In a place where population is large and self-regard larger still, the national conversation pivots on identity as a bulwark against powerless obscurity. Identity needs to be identified and in conversation this means by words: Liberal, Conservative, Racist, Social Justice Warrior, Professor, Student, Feminist, Misogynist, etc. Participants in this conversation navigate between allies and enemies based on these linguistic flags, habitually judging an individual’s character and beliefs based on trigger words that most easily define his or her identity. Once defined, anything said and done can be given context, cognitive dissonance applied as needed, to makemmk a what’s said and done so as to predisposed reaction. This has the look of an interaction but where participants are mere tropes for an imposed identity, it’s agenda politics from the soapbox, talking to one’s own confirmation bias and one’s own team.

Appropriating words is like colonising territory, an attack (or defence) of these words flags that’re the chess pieces of identity politics.

Left versus Right is a good example of this because it’s both ubiquitous and culturally loaded, covering a diversity of self-professed adherents – a big component of their identity and thus í national conversation. This makes the words Left and Right important. It makes their possession matter, because to control the definition of the words is to exert power over everyone for whom they have personal meaning. If Left becomes antifa, then everyone Left must needs become antifa or lose the identifier. If Right becomes Christin everyone Right a must needs become religious or lose the word, identity and therefore influence eroded.

The more facets of the national conversation, the more identity flags can be gathered under a single word, the more power it gains, the more territory it covers, the more it starts to impose identity rather than imperfectly signal it.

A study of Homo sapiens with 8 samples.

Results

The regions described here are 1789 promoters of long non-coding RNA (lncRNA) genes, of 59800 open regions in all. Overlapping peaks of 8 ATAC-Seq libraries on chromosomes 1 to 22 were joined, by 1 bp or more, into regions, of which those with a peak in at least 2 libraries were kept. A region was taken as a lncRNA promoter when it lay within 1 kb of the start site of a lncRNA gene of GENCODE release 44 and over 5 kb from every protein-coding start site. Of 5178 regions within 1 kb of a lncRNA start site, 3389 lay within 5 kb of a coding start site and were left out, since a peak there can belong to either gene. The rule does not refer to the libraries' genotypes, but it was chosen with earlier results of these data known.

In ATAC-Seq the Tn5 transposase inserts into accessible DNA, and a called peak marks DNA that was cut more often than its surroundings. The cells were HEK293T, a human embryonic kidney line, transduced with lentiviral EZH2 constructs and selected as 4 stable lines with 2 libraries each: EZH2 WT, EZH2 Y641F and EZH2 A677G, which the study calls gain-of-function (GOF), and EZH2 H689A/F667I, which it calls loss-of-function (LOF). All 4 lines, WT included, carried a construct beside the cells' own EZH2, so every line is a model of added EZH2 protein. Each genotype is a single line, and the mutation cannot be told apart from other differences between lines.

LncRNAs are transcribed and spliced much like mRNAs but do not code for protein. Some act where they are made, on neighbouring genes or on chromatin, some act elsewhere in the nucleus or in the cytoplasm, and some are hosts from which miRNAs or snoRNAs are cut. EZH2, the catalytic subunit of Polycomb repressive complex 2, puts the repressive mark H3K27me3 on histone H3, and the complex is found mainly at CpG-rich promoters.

Left v Right has no implicit meaning when it comes to describing and predicting ideological thinking. It does not cover the territory of racism or social justice, it’s not a signifier of fascist versus liberal.

Left and Right are only meaningful as a dichotomy in economics. Both presume the goal of a successful, progressive society that’s robust and innovative and reasonable and enriching. The difference is one of fundamental method for achieving this goal, not on the basis of absolute ideology but what’s actually effective. Left says capital must be regulated, distributed across society – from above if need be – to sandbox the market for the greater common good. Right says capital is apolitical and will regulate itself if only the market stays free, because the market is objectively self-selecting with artificial interference doing nothing but harm. The market by definition will let the best ideas rise and the worst ideas fall.

This apolitical Left v Right is no less important a dichotomy as the implementing of these opposing economic models begets politics and action if a society wants to create and/or safeguard the free or subordinated market.

But Left and Right says nothing about equality of race or gender. It is ahistorical. It makes no recommendation how a society implements the Right or Left economic paradigm.

Appropriation of the words Left and Right, hijacking both to serve political ideological and social ends has been very effective in America the the past 20 years. It’s a deliberate policy by ideologues to exert control over bigger and bigger ‘teams’.

Left and Right is only meaningful as an economic dichotomy. Anything else is propaganda or smokescreen or appropriation or groupthink misdirection. Fight it.

If we’re to be stuck with a identifiers to signal beliefs and opinions in a national conversation with so many participants, which we may well be, these identifiers should at least be accurate and sufficiently distinct to allow authentic presentation of individuals, however approximate.